This site provides you with the information about gastric ulcer, how to prevent, cure gastric ulcer treatments, causes of gastric ulcer, stomach ulcer prevention tips, advice, gastric ulcer remedies, stomach ulcer symptoms, gastric ulcer signs, stomach ulcer medicine, gastric ulcer drugs, recovering from gastric ulcer, acute gastric ulcer, chronic gastric ulcer, and more.
A gastric ulcer, also called a stomach ulcer, is a raw, eroded area in the lining of the stomach.
About two percent of the adult population in the United States has active ulcers, and about ten percent will develop ulcers at some point in their lives. Of the approximately 500,000 new cases of ulcers in the United States each year, about sixteen percent are gastric ulcers. Gastric ulcers are most common in males between the ages of 55 and 70.
Gastric ulcers occur in people who take anti-inflammatory drugs, such as aspirin, ibuprofen, and naproxen; drink alcohol; smoke tobacco; have a high caffeine intake and often feel stressed.
A gastric ulcer develops when stomach acids and digestive juices injure the stomach¡¯s lining of protective mucus. Gastric ulcers most commonly are caused by the use of nonsteroidal anti-inflammatory drugs (NSAIDs) such as aspirin, ibuprofen and naproxen. Aspirin is the NSAID most likely to cause ulcers. The widespread use of NSAIDs may be why the incidence of gastric ulcers in the United States is rising.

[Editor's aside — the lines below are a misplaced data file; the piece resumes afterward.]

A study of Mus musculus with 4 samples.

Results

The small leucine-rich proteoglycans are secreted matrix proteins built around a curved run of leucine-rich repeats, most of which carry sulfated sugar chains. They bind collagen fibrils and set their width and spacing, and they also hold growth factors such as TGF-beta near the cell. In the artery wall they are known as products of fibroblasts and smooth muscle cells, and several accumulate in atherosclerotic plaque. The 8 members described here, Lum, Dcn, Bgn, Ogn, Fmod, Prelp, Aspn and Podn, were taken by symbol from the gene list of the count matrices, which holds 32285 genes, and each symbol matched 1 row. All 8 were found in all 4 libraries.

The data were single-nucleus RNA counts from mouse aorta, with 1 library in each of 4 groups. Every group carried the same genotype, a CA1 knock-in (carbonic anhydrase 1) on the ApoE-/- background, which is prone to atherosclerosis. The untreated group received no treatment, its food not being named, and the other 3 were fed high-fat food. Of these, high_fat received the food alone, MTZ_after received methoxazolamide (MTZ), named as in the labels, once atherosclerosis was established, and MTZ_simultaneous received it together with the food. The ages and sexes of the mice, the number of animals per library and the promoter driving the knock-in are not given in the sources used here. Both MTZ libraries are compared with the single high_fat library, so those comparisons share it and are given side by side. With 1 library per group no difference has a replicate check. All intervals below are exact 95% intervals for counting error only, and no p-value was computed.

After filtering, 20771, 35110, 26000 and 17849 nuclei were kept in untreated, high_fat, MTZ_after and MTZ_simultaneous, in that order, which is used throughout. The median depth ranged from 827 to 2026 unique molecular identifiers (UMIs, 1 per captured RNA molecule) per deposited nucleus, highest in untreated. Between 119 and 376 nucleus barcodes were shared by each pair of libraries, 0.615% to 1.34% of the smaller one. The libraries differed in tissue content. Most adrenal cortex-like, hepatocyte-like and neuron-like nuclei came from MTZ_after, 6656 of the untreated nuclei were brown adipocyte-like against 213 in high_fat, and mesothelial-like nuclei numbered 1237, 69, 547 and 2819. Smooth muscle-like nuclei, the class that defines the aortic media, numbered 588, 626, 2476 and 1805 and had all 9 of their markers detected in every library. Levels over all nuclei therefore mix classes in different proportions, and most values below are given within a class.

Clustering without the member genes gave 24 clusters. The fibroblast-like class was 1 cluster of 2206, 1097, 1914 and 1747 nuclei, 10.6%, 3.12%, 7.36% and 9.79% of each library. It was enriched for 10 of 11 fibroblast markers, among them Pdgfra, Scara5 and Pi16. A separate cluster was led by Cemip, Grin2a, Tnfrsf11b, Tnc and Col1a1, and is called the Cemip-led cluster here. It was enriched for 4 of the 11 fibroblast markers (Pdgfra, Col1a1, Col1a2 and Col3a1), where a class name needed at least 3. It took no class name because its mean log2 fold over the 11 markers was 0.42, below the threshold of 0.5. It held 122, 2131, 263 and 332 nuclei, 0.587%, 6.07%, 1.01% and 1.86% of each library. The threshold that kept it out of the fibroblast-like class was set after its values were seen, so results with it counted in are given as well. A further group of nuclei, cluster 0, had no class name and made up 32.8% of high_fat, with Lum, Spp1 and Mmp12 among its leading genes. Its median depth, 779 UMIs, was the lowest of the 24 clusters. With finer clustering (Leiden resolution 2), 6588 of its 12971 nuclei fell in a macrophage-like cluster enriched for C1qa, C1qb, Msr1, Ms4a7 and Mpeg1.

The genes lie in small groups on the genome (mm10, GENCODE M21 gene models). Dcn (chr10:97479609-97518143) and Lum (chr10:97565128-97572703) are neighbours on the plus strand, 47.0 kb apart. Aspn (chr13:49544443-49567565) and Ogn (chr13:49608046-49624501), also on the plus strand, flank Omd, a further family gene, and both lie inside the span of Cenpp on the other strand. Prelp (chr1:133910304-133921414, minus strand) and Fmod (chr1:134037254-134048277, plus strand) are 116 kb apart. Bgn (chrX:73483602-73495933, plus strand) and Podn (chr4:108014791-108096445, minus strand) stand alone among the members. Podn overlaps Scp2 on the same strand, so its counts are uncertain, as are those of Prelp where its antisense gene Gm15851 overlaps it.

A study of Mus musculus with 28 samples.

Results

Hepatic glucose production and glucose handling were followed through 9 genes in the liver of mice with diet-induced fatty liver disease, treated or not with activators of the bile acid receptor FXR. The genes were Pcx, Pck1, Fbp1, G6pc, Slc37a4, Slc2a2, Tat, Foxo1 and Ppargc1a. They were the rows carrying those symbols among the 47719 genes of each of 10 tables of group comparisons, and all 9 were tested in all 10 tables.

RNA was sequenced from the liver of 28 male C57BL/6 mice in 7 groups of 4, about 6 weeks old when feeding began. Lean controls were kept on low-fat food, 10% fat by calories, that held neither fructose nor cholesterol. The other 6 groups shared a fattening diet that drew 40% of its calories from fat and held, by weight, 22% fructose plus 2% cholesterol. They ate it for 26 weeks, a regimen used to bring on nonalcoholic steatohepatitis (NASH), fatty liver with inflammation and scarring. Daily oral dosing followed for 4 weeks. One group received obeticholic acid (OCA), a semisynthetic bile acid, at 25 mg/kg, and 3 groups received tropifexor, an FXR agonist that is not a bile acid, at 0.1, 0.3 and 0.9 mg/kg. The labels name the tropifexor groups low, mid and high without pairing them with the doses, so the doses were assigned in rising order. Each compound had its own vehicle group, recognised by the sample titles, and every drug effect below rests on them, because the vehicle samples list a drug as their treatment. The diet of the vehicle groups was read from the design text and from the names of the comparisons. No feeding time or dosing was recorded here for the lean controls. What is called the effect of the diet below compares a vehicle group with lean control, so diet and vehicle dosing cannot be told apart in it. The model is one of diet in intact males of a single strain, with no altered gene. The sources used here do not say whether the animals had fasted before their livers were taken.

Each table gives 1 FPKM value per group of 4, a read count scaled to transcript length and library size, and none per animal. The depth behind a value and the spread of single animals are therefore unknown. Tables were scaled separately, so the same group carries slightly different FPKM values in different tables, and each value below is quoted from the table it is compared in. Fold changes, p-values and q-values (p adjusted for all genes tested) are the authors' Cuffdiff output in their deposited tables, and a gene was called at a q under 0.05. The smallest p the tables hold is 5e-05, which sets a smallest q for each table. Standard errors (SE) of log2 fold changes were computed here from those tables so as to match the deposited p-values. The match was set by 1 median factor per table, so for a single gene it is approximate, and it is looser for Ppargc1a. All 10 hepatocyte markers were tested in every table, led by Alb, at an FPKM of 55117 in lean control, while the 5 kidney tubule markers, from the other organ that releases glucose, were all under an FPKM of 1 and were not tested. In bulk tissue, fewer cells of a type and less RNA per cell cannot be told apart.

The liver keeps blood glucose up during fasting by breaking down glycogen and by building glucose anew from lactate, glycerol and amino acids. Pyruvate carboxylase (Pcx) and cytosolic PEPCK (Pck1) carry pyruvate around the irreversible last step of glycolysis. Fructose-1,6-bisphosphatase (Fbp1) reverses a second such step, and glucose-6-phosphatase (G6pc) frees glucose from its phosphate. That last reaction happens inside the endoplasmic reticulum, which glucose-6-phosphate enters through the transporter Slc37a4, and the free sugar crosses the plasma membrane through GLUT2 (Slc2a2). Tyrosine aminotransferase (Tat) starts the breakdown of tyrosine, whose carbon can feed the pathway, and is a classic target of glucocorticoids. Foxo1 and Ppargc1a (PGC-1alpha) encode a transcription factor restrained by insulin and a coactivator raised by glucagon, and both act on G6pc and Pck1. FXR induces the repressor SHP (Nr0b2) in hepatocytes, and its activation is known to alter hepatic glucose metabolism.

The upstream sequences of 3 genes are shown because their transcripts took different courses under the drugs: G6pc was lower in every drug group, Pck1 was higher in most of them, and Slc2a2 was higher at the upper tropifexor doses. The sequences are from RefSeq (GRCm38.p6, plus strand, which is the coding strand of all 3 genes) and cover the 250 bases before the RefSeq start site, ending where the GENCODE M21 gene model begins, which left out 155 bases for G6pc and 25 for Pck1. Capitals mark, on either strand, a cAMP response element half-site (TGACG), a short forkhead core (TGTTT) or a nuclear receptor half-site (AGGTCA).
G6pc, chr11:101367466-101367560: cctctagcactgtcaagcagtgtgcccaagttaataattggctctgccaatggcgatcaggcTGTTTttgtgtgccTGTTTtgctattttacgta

Gastric ulcers may also develop from the presence of bacteria called Helicobacter pylori (H. pylori), decreased resistance of the lining of the stomach to gastric acids, increased production of gastric acids and infection, certain types of medication, and disorders that cause over secretion of stomach juices. Ulcer can also be caused by the use of tobacco, alcohol and caffeine.
The symptoms of gastric ulcers include indigestion and heartburn in the middle of the upper abdomen, nausea and loss of appetite, weight loss and repeated episodes of gastrointestinal bleeding. About 30% of patients with gastric ulcers are awakened by pain at night. Many patients have periods of chronic ulcer pain alternating with symptom-free periods that last for several weeks or months. The pain may be relieved by eating or taking antacids, and may get worse a couple of hours after meals or before meals.
If the gastric ulcer is bleeding, the patient may vomit bright red blood or digested blood that looks like brown coffee grounds and have black, tarry bowel movements.